Care home worker thanked for three decades of service
published on 6 May 2021
The Head of Care at The Salvation Army’s care Home Lyndon House has recently clocked up an incredible 30 years’ service.
Sandy Cummins started work as a carer at the home in Sandridge, just outside St Albans, in 1991. Since then she has worked her way up and is now the home’s Head of Care.
The Salvation Army marked Sandy’s significant milestone with tea and cake alongside staff and residents. Sandy also received a gift and certificate from The Salvation Army thanking her for three decades of dedication and service to the care of older people.
Jenny Pattinson, The Salvation Army’s Interim Director of Older People’s Services, said: “30 years is a milestone to be celebrated in a sector that often sees staff move on after only a couple of years. Sandy is extremely hardworking and hugely valued and I want to thank her for her long service and commitment to The Salvation Army.
“The past year has been like no other for the care sector, since the pandemic began. I am grateful that the whole team at Lyndon House has pulled together to ensure our residents are kept safe, remained happy and felt loved throughout.”
Reflecting on her time at Lyndon House, Sandy Cummins said: “When I started, most of the staff and residents at the home were Salvation Army Officers. I remember the day I arrived. Brigadier Smith opened the door and gave me an incredibly warm welcome and I knew straight away I would be happy here.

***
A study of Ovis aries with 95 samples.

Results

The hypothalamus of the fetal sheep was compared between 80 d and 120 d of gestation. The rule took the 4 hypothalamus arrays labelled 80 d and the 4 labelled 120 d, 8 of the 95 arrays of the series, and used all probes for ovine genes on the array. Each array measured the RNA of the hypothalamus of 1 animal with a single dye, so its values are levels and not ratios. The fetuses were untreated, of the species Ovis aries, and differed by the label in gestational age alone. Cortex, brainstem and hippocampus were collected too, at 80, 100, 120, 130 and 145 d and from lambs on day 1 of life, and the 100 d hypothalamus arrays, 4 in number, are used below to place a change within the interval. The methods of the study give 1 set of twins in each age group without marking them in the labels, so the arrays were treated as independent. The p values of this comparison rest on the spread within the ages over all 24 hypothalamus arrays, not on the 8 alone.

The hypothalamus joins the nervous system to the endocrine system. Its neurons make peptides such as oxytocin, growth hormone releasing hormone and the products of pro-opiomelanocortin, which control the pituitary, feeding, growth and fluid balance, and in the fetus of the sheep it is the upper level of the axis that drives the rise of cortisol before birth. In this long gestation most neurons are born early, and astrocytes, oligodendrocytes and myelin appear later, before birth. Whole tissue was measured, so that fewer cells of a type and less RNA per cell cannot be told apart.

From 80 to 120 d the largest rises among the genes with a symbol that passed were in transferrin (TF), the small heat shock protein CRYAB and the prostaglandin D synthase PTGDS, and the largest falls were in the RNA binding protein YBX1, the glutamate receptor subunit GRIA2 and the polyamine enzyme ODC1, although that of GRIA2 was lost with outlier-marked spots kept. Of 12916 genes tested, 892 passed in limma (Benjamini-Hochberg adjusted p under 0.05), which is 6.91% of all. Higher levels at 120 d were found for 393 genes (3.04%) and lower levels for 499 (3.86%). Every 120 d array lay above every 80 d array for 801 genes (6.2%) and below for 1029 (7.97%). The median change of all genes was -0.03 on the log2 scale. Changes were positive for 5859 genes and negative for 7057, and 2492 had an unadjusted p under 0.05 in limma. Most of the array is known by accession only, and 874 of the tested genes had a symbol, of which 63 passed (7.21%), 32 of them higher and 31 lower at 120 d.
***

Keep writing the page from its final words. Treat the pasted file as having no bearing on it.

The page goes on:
“It has been such a privilege being able to spend time getting to know so many residents and having the opportunity to listen to their stories and experiences. I cared for one resident who had been a prisoner of war, she had such an amazing life and shared her experiences with me, which was very humbling.
“The residents really appreciate all we do to take care of them but actually I really need to thank them for taking care of me at times. It was incredible how they gave me the support, love and care that I needed when I lost my husband a few years ago. I had some time off to grieve and when I returned to work, one of the residents living with dementia really surprised me by holding my hand and gently whispering, ‘Ahhhh that face is back’. Other residents shared their own experiences of losing their husbands which was invaluable. They all helped me through a difficult time.
“Looking ahead, I hope I will still be here in another 30 years’ time, but I will probably be a resident by then! If so, I’d like to reserve room D3 as it has a lovely double window. I can see myself being very happy living here!”